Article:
This virus is not very interesting, but nevertheless multiple variants are known. The virus code is only around 334 bytes, which made it for a while one of the shortest PC virus known. The rest contains zeros and a text string which is occasionally displayed. Until the virus reaches the 5th generation, no effects are visible, but in generation 5 or later there is a 50% chance that the message will appear.
Based on the settings of your F-Secure security product, it will either move the file to the quarantine where it cannot spread or cause harm, or remove it.
A False Positive is when a file is incorrectly detected as harmful, usually because its code or behavior resembles known harmful programs. A False Positive will usually be fixed in a subsequent database update without any action needed on your part. If you wish, you may also:
Check for the latest database updates
First check if your F-Secure security program is using the latest detection database updates, then try scanning the file again.
Submit a sample
After checking, if you still believe the file is incorrectly detected, you can submit a sample of it for re-analysis.
NOTE If the file was moved to quarantine, you need to collect the file from quarantine before you can submit it.
Exclude a file from further scanning
If you are certain that the file is safe and want to continue using it, you can exclude it from further scanning by the F-Secure security product.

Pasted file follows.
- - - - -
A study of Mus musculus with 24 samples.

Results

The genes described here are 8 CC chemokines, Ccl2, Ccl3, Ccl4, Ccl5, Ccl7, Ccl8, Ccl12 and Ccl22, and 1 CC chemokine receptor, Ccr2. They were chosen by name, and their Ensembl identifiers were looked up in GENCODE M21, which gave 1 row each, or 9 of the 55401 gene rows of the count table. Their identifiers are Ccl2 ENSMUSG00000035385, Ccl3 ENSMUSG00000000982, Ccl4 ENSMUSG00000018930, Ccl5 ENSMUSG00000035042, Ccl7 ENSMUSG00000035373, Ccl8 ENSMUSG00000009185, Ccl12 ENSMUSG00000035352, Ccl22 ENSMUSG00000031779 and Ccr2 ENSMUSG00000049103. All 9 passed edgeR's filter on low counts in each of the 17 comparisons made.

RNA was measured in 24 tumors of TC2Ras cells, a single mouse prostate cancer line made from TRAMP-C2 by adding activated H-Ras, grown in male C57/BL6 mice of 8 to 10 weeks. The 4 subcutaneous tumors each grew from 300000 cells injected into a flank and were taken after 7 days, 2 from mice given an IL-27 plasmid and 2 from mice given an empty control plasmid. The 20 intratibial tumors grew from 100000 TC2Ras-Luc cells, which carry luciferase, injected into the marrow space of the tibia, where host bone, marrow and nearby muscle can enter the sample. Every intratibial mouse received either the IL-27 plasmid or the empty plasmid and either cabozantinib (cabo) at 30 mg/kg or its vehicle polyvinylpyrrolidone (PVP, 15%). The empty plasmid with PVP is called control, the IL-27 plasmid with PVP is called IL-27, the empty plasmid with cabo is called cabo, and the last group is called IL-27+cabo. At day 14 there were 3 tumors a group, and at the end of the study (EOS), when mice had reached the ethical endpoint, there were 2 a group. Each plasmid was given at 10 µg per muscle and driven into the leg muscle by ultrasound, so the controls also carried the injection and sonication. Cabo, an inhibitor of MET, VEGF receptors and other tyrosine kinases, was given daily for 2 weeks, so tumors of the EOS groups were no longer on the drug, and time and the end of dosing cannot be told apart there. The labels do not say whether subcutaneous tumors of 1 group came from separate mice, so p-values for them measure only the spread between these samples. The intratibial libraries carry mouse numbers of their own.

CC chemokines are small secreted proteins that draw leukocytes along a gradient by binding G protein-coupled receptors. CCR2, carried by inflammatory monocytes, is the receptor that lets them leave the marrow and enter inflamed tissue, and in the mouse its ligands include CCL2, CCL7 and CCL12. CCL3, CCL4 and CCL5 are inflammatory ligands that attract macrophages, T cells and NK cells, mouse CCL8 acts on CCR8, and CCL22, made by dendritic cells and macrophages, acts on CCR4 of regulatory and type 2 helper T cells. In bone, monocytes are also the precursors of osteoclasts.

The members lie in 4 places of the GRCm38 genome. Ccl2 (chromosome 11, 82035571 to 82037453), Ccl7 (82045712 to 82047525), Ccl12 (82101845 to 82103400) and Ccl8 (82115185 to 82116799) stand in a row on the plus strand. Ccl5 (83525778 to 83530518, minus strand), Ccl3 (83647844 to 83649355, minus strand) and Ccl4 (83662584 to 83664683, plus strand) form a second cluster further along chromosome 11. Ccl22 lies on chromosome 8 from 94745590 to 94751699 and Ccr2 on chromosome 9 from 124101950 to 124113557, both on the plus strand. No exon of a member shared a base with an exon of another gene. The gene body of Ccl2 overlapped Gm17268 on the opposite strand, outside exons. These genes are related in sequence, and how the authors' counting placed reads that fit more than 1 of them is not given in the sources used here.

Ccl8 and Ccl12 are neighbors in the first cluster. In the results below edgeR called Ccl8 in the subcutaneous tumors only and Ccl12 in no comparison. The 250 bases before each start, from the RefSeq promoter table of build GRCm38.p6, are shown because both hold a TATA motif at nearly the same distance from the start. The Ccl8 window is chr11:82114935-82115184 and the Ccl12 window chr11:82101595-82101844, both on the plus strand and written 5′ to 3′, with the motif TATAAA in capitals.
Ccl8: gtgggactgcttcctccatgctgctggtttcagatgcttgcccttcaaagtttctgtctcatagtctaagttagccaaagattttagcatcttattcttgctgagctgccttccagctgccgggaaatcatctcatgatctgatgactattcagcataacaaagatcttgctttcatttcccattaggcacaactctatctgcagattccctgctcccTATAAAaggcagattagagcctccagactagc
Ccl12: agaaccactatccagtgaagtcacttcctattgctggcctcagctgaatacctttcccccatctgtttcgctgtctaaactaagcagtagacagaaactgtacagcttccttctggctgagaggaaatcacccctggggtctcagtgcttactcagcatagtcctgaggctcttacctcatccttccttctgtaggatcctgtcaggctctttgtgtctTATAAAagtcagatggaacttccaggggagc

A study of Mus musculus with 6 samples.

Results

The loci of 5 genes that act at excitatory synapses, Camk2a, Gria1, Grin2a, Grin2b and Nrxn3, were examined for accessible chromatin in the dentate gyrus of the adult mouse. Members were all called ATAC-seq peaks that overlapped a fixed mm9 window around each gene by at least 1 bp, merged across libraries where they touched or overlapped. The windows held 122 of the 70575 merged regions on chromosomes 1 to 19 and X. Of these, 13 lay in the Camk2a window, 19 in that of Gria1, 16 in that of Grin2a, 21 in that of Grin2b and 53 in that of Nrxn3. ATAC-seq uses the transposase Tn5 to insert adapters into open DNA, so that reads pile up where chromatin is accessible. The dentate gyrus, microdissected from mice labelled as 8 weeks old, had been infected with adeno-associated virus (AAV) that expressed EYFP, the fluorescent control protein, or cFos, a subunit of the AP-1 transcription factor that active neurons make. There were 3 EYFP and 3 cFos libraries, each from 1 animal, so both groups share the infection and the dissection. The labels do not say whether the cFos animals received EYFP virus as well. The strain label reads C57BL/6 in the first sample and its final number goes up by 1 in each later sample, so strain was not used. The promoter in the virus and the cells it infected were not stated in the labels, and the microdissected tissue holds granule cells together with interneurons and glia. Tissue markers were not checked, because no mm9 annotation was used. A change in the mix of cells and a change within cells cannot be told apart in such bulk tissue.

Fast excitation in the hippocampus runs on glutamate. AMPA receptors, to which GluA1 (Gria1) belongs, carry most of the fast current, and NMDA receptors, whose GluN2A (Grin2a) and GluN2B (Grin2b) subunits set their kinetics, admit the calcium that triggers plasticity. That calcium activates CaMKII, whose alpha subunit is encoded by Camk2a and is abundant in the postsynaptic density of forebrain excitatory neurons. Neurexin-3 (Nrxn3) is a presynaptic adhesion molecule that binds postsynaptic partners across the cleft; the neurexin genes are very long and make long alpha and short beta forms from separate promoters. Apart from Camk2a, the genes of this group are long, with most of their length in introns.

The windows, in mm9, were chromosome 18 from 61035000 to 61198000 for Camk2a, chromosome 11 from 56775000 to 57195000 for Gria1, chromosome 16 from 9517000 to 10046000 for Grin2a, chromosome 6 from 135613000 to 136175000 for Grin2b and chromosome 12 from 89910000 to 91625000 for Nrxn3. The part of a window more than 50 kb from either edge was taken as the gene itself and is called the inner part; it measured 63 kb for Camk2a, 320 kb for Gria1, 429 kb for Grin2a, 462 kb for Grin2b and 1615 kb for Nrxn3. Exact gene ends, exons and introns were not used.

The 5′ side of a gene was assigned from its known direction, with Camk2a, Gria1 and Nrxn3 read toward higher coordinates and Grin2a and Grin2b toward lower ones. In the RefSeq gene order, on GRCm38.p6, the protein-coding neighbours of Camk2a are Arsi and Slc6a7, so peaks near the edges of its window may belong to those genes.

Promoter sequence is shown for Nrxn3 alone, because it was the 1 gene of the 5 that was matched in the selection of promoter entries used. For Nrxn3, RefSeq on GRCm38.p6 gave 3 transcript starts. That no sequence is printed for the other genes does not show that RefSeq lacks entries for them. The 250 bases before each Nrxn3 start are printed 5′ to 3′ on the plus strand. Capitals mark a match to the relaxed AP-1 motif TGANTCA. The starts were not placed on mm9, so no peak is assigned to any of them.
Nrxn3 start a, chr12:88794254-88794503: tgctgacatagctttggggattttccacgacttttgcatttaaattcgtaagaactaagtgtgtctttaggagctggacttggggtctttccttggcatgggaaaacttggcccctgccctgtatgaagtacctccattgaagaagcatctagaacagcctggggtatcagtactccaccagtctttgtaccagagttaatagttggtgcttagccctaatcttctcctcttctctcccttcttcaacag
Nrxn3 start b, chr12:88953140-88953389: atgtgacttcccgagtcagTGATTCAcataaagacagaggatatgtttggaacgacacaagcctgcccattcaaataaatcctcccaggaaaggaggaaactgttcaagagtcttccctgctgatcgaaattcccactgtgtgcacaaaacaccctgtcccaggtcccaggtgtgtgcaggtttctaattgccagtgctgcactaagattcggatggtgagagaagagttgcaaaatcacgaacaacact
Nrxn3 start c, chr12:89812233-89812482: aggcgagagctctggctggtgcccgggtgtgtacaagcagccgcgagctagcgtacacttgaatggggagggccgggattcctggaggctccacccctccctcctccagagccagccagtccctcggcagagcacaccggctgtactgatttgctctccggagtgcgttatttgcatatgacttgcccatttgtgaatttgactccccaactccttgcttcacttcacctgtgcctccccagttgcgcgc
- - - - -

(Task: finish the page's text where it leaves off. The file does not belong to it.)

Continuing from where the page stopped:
Note You need administrative rights to change the settings.
One variant contains an advertisement for Amstrad computers, but in another one the message is different:
En tu PC hay un virus RV1, y šsta es su quinta generaci¢n.
Originally this virus was published in a Greek magazine named "Pixel" in the form of a BASIC program that would create an infected program when run. This program contained a different message:
"Program sick error: Call doctor or buy PIXEL for cure description"
A disinfection program, written by the virus author was then published in the next issue of Pixel.
This is a "buggy" 740 byte variant.
Numerous other variants of this virus are now known, most from Bulgaria. The major difference is in the length - ranging from 257 to 936 bytes. It seems that some virus writers there are competing with each other to create the shortest possible version of the virus. One of the shortest variant, with a length of 277 displays a "PARITY ERROR" message when it activates, simulating a hardware failure. This variant is similar to one 300 byte variant from Russia.
Two variants of the virus were first reported in Poland. They are 550 and 457 bytes long and employ a primitive self-modification mechanism.
The smallest variant by far, only 131 bytes.